Greenpeace activists

Activists block Russian oil tanker in Norwegian port, calling on govt to ‘stop fueling the war’

Activists from Greenpeace are blocking a Russian oil tanker from offloading oil in a Norwegian port, calling on the government to ban the imports of Russian fossil fuels due to the war in Ukraine.


As informed by Greenpeace on Monday, its activists in kayaks and boats are blocking the oil tanker Ust Luga, preventing it from offloading Russian oil into the port. The action is taking place in the Oslo Fjord, in the Slagentangen oil port owned by Esso, a Norwegian subsidiary of U.S.-based ExxonMobil.

The activists are calling on the Norwegian government to ban the import of Russian fossil fuels and demanding that Esso cancels its contracts to buy fossil fuels from Russia during this time of war in Ukraine.

Activists in a boat have chained themselves to the anchor chain to prevent the Ust Luga from going to the pier and offloading, displaying banners that read “Oil fuels war”, “Stop fuelling the war”, and “No war”.

Greenpeace activists
Source: Greenpeace

According to Greenpeace, the Ust Luga is loaded with 95,000 tonnes of oil with a market value of $116 million, adding that the tanker is operated by Novatek, Russia’s second-largest natural gas producer. Greenpeace also said that Novatek’s largest shareholder is the oligarch Leonid Mikhelson, who has close ties to Vladimir Putin.

Activist and Head of Greenpeace Norway, Frode Pleym, said: “Oil is not only at the root of the climate crisis, but also of wars and conflicts. I am shocked that Norway operates as a free port for Russian oil, which we know finances Putin’s warfare. During these two months of Russia’s war of aggression, we have seen horrific images and know the unimaginable suffering of the innocent civilian population of Ukraine. The fact that our government still allows the import of Russian fossil fuels in the current situation is unfathomable.”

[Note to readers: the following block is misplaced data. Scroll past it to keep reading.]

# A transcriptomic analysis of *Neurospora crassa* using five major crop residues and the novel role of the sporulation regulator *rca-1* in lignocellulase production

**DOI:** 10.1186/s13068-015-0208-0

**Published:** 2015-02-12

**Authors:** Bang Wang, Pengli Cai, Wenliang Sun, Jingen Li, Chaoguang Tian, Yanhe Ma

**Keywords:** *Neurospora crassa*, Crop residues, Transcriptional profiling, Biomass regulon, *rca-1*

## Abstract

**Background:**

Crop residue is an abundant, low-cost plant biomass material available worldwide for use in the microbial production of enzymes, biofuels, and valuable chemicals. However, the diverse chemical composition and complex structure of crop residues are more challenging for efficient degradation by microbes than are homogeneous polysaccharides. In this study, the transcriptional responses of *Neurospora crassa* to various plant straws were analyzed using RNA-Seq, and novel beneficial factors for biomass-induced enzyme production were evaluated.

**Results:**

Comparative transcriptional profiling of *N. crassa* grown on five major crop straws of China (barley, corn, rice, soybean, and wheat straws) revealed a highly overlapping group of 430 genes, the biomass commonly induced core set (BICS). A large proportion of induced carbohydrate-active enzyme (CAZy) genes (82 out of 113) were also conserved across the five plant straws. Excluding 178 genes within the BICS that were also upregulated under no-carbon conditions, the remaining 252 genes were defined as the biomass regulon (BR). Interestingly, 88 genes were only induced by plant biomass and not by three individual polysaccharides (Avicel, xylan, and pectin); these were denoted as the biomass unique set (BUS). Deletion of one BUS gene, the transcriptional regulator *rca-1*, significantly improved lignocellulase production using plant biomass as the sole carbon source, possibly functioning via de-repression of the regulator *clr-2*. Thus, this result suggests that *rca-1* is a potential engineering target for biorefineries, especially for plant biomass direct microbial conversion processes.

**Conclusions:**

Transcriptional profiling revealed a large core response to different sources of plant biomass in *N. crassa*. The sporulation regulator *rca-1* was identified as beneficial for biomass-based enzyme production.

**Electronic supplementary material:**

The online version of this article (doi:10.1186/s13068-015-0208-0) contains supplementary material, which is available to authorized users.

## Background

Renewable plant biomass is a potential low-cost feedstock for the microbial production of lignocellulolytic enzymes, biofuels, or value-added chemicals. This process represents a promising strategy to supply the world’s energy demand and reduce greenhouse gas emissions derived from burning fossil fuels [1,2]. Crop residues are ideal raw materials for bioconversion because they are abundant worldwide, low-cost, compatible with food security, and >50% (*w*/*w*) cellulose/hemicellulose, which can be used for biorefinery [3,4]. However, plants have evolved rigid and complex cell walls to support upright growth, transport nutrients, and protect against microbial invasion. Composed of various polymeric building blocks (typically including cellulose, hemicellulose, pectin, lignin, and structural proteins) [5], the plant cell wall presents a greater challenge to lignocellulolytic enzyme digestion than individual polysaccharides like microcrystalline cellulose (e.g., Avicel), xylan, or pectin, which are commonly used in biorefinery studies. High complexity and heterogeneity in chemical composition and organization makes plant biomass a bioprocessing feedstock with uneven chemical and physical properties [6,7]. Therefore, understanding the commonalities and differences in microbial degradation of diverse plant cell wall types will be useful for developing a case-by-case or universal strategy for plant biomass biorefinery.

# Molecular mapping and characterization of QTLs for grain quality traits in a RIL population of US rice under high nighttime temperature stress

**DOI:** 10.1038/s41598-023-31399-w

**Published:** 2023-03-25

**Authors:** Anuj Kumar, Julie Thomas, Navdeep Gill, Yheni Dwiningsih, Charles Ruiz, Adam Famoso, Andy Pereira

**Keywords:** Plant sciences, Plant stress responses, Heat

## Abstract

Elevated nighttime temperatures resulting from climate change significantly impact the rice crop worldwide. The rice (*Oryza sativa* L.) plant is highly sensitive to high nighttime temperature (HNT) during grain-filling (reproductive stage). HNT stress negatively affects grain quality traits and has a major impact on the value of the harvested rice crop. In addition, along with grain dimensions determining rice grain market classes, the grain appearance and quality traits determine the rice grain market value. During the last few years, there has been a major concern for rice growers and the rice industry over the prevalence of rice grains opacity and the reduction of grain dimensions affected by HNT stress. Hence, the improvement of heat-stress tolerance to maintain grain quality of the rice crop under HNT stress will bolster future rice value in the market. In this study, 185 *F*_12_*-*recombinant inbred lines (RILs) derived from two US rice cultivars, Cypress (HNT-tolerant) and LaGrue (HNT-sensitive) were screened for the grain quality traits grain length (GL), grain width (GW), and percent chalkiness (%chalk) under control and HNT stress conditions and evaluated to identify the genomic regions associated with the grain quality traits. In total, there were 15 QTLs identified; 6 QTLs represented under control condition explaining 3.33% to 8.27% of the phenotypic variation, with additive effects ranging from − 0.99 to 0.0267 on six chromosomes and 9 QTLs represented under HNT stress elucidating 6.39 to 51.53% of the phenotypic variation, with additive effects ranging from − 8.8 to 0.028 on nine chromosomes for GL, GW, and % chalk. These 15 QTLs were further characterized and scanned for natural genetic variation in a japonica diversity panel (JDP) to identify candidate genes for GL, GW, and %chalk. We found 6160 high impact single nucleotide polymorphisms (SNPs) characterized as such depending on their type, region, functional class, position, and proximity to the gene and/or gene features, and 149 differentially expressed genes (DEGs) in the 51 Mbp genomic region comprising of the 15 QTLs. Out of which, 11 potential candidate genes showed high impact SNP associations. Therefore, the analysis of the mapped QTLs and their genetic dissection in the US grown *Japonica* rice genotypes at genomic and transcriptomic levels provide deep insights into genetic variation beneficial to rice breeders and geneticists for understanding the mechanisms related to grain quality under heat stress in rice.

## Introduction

Greenpeace Norway has also sent “strong-worded letters” to both ExxonMobil and the Norwegian government, demanding an end to all Russian oil and gas.

A spokesperson for ExxonMobil told Reuters the company had agreed to buy the oil before the conflict started and does not have plans for further purchases from Russia.

As a reminder, ExxonMobil and several other oil majors – including Shell and BP – at the beginning of March pledged to end their operations in Russia. Specifically, ExxonMobil said it would begin the process to discontinue operations and develop steps to exit its Sakhalin-1 venture.


When it comes to bans on Russian vessels, just last week, the U.S. government decided to ban Russia-linked vessels from the country’s ports, which the UK and Canada already did at the beginning of March. The ban in the U.S. is becoming effective on 28 April 2022.

“This means that no ship that sails under the Russian flag or that is owned or operated by a Russian interest will be allowed to dock in a United States port or access our shores. None,” U.S. President, Joe Biden, said last week.

This came after the U.S. banned Russian oil, LNG, and coal imports in early March while the UK moved to phase out Russian oil imports by the end of the year.

About a month later, in early April, the European Union announced a new, fifth round of sanctions against Russia and its businesses, joining a ban on Russian vessels from accessing the ports. The EU still has not banned Russian oil imports but is working to become independent from Russian fossil fuels well before 2030, starting with gas.